Every winter I would moan, groan, whine and complain to anyone who would listen — and quite a few who had long ago tuned me out — about how much I hate all things winter.

The mere mention of wind chill, gray skies, wintry mix, below zero, snow, snowplows, snow shovels, snowboards, snowmen, snowshoes, snowballs, snow skis or even snow cones was enough to set me off on another tirade that usually ended with me looking to the heavens and bellowing, “WHY DO I LIVE HERE?”

It took me more than half a century, but eventually I figured out that no matter how much I whined, complained and bellowed, winter continued to come to Indiana every year.

I was doing the same thing year after year and expecting different results.

As they say, recognizing you have a problem is the first step to correcting it. So once I finally realized that my approach to dealing with winter wasn’t working, it only made sense to rethink my strategy.

Therefore, in January 2012, I used this column to outline my new strategy. Instead of whining about snow and cold temperatures, I would embrace all things winter.

Whenever I stepped out of the car and was hit by a blast of frigid air, I would turn my face into the wind, take a deep breath and tell myself how refreshing it was. On those mornings when I looked out the dining room window to see that it had snowed overnight, instead of swearing I would say, “Oh my, how beautiful it looks!”

I was amazed at how well my new strategy worked. While I still preferred spring and summer, I could suddenly enjoy certain aspects of winter.

For example, I found comfort in wearing sweaters and corduroy pants. I frequently reminded myself how nice it was not to be working up a sweat mowing the lawn every week or pulling weeds out of the cracks between the patio bricks.

Yes, my new approach to winter worked quite well that first year and even the next. But this winter has taught me that my new strategy isn’t perfect. There seems to be a clear relationship between the severity of the winter and the success of my strategy.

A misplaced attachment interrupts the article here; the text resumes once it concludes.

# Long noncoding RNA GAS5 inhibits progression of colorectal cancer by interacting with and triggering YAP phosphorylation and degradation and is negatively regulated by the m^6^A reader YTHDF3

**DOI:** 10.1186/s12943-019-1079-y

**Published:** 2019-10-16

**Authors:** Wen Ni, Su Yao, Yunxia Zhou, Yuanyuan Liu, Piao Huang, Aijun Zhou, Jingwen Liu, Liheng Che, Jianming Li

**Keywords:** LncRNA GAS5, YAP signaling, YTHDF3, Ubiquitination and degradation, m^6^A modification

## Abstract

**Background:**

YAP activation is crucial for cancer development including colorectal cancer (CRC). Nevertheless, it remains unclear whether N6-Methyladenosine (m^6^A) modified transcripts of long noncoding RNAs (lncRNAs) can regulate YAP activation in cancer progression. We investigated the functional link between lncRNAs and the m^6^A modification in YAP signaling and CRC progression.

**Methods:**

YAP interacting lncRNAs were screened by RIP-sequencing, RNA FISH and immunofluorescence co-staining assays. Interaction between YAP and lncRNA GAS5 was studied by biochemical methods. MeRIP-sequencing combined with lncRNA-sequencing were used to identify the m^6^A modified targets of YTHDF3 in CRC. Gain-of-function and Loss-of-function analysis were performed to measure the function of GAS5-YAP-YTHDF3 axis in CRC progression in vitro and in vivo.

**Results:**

If I step out of the car into 20-degree air, I can convince my brain that said air is refreshing. When I look out the dining room window and see that two inches of snow have fallen overnight, I can say, “Oh my, how beautiful it looks!” and my brain will respond, “OK, if you say so.”

However, when I step out the front door when the air temperature is minus 15 and the wind chill is minus 30, my strategy begins to crumble. When I turn my face into the wind and take a deep breath, the hair in my nose freezes. When I say, “How refreshing!” my brain says, “WRONG!” and then quickly turns into a snow cone.

When I look out the dining room window and see that besides the potentially lethal temperatures, old man winter also has delivered six inches of snow on top of a sheet of ice, the first thought that pops into my head is far less positive than “Oh my, how beautiful it looks!”

Now I don’t know what to do. Clearly I can’t go back to my old ways of whining and complaining every winter, expecting different results. We’ve already determined that would be insanity.

So I guess I’ll stick with my new strategy of embracing winter, expecting it to work every year when it clearly doesn’t. Wait a minute. How is that different?

Oh well, if nothing else, at least now when I do look to the heavens and bellow, “WHY DO I LIVE HERE?” I know the answer.